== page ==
Updated: Jul 8, 2020
What tips can you give to make our profiles stand out?
In a world where people are swiping faster than they're brain can process an image, the primary goal of your dating profile is to make people stop swiping. You want them to literally cease swiping right and swiping left when they see your face on their phone screen.
How do you do that?
1. Post a primary photo that is well-lit, clear and takes up the entirety of the frame. (See below.)
2. Post a picture with either an eye-catching backdrop or or where you're wearing a bright color.
3. Choose a primary photo that makes YOU catch your breath.
4. DO NOT post a primary picture of you with other people. Real talk: if you're not the hottest one in that picture, you're going to get rejected strictly on principle. Nobody likes to be bait and switched.
Once they've had their curiosity piqued, you want to keep them engaged.
BIO/ABOUT ME SUMMARY
1. Use the space effectively - Avoid greetings and thanking people for reading. Get right to it. Forget describing your dream partner. Forget prattling on about how you're looking for chemistry, spark, laughs, etc. Of course you are. It's time to sell yourself. Focus your summary on who and what you're passions are.
2. Engage immediately - You have a second, maybe two, to capture the attention of potential matches. That first line has to be a unique. I opened my OKCupid profile with a line about living in a convent when I first moved to NYC. Not only was that a great way to get someone to take notice, it was an excellent spring board for messages.
3. Avoid using too many adjectives - At this point, descriptors like adventurous, laid-back, outgoing, etc. are so overused they've become subjective and require qualification. Are you adventurous in the sense that you travel alone to foreign countries or are you adventurous because you use exotic spices on your food? Rather than qualify an adjective and take up space that could be used more effectively, get to the imagery and specific example. Show me how your outgoing, don't tell me.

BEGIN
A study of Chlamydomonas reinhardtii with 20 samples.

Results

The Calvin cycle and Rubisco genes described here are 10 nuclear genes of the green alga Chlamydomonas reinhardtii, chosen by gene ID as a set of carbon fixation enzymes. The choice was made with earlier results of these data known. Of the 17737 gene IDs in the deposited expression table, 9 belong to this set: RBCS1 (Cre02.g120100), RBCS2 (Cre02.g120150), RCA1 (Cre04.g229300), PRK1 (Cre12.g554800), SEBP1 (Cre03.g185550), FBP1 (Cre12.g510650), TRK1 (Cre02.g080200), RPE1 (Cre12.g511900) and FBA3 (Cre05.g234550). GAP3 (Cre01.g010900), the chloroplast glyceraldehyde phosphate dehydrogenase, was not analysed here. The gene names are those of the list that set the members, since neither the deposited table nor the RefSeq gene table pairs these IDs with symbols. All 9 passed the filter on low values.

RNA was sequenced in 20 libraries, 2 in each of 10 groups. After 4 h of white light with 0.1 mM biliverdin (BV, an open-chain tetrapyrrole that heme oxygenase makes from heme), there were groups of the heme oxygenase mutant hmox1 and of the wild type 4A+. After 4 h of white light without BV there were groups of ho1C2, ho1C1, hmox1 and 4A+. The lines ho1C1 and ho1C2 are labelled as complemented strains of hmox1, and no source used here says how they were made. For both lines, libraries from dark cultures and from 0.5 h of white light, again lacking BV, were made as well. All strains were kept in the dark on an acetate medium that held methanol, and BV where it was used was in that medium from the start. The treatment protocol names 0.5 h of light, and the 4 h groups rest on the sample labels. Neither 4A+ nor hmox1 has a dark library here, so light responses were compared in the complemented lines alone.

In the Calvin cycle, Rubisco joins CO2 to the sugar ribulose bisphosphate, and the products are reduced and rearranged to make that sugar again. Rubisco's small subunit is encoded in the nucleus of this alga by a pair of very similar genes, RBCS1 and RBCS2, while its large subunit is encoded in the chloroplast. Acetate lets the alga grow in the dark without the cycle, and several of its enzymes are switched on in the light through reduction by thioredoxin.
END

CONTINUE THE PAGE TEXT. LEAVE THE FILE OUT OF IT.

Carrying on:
4. Give people something to talk about - Intro messages and ensuing conversation is difficult for most people. Include things in your profile that can act as an ice breaker. Someone is more likely to message you if they don't have to wrack their brain or overthink what to say. There's one caveat: Understand that anything you mention in your profile is fair game. If you address it in your profile, it's on the table for discussion.
5. Close with a fun fact - This is another way to both give someone an idea of your personality and interests as well as provide possible fodder for messages. You want to end your bio on a high note. Make it fun! I close my Tinder bio with Psychology podcasts are my jam. It could be something as simple as what you wanted to be when you grew up to your love for any dish that features guacamole.
6. Write in bytes - Understand that we have been conditioned to think and communicate each idea individually. Use proper spacing between each original thought. Don't jam a bunch of things into a paragraph.
The goal is to include information and images that resonate with people and create a sense of familiarity. You might want to take a peek at the profiles of other men and women to see what they're saying. What sparks your interest? What turns you off? Get a sense of what people are seeing over and over again. That's the best way to learn what not to do or how to stand out.